Jail Miami Herald

Responding to allegations of abuse and corruption in Florida’s prison system, the state Senate voted Wednesday to create an independent oversight commission with subpoena powers to investigate wrongdoing at the state Department of Corrections.

The bill, SB 2070, passed the Florida Senate 37-1 and creates the nine-member Florida Corrections Commission, which would have the power to investigate allegations of corruption, fraud and inmate abuse, as well as review budget proposals and make policy recommendations.

The proposal comes in the wake of months of reports about suspicious inmate deaths, allegations of cover-ups, and claims by whistleblowers that its chief inspector general has sabotaged investigations and ignored inmate abuse.

In the last four years, the agency has seen massive budget cutbacks and four secretaries. Reported use-of-force incidents have nearly doubled in the past five years, inmates deaths have risen, and critics say understaffed prisons have spawned widespread abuse among prison guards working 12-hour shifts.

Seizing on the reports, Senate Criminal Justice Committee Chairman Greg Evers, R-Baker, conducted surprise inspections at several prisons and pushed for the sweeping reforms. The oversight commission was championed by Sen. Rob Bradley, R-Fleming Island, "lost trust" in the ability of the $2 billion agency to police itself.

The Senate also began debate on its budget, which includes $6.9 million to pay for the oversight commission and $15 million to fill the long-held deficit in the prison budget. 

"Members, this was your bill,’’ Evers told the Senate, before the near unanimous vote. Only Sen. Audrey Gibson, D-Jacksonville, voted against it. "Each one of you have had input and I appreciate the support that you have given me in passage of this great bill."

Senate President Andy Gardiner, R-Orlando, commended Evers for legislation that provides "the key oversight necessary to implement critical programs to protect inmates from mistreatment, to strengthen the security of our prison system, and to keep Florida communities safe."

But the measure faces an uphill battle in the House, which has proposed a watered down prison bill that includes none of the added oversight, inspections or the independent commission. It also faces a potential challenge from Gov. Rick Scott, who has remained silent on the prison troubles as his agency secretary, Julie Jones, has blamed lack of funding and a few “disgruntled employees” for the allegations.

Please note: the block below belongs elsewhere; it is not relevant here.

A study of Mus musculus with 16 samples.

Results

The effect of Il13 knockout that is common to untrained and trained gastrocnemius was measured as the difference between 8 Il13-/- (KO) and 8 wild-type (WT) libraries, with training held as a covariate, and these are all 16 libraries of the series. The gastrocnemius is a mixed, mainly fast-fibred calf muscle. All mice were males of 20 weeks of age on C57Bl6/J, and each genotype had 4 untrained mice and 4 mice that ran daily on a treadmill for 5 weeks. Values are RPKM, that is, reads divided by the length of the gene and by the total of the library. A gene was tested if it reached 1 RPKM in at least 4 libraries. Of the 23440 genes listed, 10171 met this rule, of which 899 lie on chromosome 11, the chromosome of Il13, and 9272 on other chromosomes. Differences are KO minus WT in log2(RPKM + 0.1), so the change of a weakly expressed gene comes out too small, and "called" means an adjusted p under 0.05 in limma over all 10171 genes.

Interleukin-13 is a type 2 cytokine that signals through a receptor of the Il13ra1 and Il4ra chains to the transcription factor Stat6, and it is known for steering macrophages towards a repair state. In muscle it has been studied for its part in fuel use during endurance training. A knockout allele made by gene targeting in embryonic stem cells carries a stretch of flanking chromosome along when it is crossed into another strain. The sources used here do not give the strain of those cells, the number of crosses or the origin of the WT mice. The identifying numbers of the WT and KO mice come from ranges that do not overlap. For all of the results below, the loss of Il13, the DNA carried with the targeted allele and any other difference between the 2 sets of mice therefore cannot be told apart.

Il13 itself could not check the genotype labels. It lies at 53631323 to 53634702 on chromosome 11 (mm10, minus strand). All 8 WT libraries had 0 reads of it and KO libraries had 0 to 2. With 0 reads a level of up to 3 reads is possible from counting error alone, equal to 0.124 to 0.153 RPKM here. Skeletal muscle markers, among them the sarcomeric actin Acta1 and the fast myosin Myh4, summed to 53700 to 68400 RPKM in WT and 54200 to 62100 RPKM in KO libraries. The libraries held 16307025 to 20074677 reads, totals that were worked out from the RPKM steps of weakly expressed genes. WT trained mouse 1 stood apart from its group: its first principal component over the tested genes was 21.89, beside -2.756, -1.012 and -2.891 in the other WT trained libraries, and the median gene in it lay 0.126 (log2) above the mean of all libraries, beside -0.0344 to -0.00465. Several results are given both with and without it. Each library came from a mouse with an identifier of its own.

House Speaker Steve Crisafulli, R-Merritt Island, and Rep. Carlos Trujillo, R-Miami, said Wednesday they now are prepared to seek a middle ground, such as an alternative to the oversight board that holds the agency accountable.

Crisafulli said he is supportive of creating a series of regional oversight boards, rather than a single statewide board. Trujillo said he is considering strengthening the role of the Florida Department of Law Enforcement to independently investigate all homicides, suicides and suspicious inmate deaths and remove the DOC Inspector General from the ability to influence those investigations.

"FDLE should not be rubber-stamping these investigations,’’ Trujillo told the Herald/Times. Trujillo also wants all deaths to be handled by an independent medical examiner without access or influence from the DOC.

"There isn’t a silver bullet that will fix years of mismanagement but these are two huge steps,’’ he said.

Under the Senate plan, the governor would no longer have sole authority over DOC, the largest agency in state government. Future DOC secretaries would be appointed by the governor and require the consent of the independently-elected Cabinet.

The nine-member oversight commission would provide an added layer of scrutiny with members from different regions of the state. The board would have a budget and professional staff, would begin as soon as October 2015 and could conduct unannounced inspections of all prisons, including those operated by private prison contractors.

It would have the power to issue subpoenas, do regular "security audits" -- focusing on the institutions with the most violent inmates -- and would even monitor video cameras, to determine whether there are blind spots intended to shield areas from view.

The bill imposes penalties on employees caught using inappropriate force against inmates, requires more frequent reports about the performance of private medical companies and attempts to prevent retaliation against those who speak up.

Inmate healthcare also would come under increased scrutiny, as the oversight board would have the ability to monitor medical reports, and families of inmates could pay for independent medical exams that the private providers would be required to recognize.

Since the state turned over inmate healthcare to two private prison vendors, Corizon and Wexford, complaints of medical neglect and poor treatment have increased and are believed to be contributing to the record number of inmate deaths.

The bill also would provide non-violent, elderly inmates the opportunity to be eligible for special medical leave, and inmates who are military veterans would be given special housing options.

Five whistleblowers have filed lawsuits against Inspector General Jeffery Beasley and the department for allegedly retaliating against them for claiming there was possible criminal wrongdoing and cover-up in the gassing death of Randall Jordan-Aparo at Franklin Correctional Institution.

But the bill leaves leave in place the structure of the inspector general system, which allows the office that is supposed to investigate wrongdoing, corruption, fraud and abuse within the department to report to the same officials he is assigned to investigate.